Underneath all this is a Leyland Titan PD2 chassis dating
from 1949, formerly double decker No 50 (OXR 150) with Weymann
bodywork. It was rebuilt as a recovery vehicle in 1967,
largely using parts from the Duple bodywork from AEC Regal No 2.
It was withdrawn in 1981.
E7 is a Deansgate bodied Mercedes L407D which was originally
minibus No 35 (TKN 35S), part of a batch of seven which entered
service in 1977. They were withdrawn after a relatively short
life in 1980, and this one was retained by the Engineering
Department, while all the others were sold.
Formerly coach number 25 (HRP 425H), this Plaxton bodied Leyland
Leopard was converted to a recovery vehicle in 1981, receiving the
crane unit from the former E1 (above) which was withdrawn in that
year. After operating on trade plates for many years, E8 was
registered Q108 AKN, and is still in use today.
Since the war, there has always been at least one Landrover in
the Engineering Department fleet. Although not full recovery
vehicles, these versatile machines are quite capable of towing a
broken-down bus out of the way, until a more permanent recovery can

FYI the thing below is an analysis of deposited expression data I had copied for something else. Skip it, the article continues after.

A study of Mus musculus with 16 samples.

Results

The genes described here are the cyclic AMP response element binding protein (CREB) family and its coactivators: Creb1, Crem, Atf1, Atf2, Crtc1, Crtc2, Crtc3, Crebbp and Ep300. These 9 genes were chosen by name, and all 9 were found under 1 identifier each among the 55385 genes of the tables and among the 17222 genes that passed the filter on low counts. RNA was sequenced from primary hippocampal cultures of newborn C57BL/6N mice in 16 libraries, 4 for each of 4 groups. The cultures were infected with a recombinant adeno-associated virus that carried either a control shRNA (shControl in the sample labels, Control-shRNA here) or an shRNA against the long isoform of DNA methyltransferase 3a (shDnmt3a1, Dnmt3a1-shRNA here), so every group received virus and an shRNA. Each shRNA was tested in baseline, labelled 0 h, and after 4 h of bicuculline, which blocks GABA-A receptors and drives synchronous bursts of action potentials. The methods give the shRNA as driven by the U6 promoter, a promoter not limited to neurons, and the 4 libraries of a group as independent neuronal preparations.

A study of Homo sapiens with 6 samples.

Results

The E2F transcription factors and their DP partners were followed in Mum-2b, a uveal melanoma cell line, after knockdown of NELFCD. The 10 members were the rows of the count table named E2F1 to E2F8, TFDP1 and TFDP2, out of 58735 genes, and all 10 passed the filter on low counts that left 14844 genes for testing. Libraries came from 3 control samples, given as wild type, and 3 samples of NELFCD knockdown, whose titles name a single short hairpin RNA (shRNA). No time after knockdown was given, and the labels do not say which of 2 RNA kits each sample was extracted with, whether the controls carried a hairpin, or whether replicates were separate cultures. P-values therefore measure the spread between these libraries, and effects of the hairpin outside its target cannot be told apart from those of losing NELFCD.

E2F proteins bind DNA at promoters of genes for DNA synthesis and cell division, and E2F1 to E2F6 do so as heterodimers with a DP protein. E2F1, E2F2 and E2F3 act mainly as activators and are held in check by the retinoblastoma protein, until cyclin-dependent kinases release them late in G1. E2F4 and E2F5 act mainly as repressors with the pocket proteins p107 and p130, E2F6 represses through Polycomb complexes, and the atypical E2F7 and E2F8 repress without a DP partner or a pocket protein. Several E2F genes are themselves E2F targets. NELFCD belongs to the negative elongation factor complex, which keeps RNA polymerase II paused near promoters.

be made. This long-wheelbase Landrover pick-up, E9 (C224 EKN),
was bought new in 1986, and is still in use today.
The ubiquitous Ford Transit Van. E10 (J130 CKN) was bought
new in 1991, and is still in use.
This 1988 Mercedes recovery vehicle, E11 (F234 OKN), was
acquired in 1995 as part of the takeover of Heygate Commercial
Vehicles, and is still in use.
Note that Eldorado operates a commercial heavy recovery service, as
well as using the vehicles for its own fleet when necessary.
This former Plaxton Beaver bodied
Mercedes midibus, E12 (M874 NOL), is not an Eldorado fleet cast-off, but was acquired specifically for its current role.
The latest addition to the Engineering Department fleet is E13
(DA02 BNX), a Scania R144 recovery vehicle.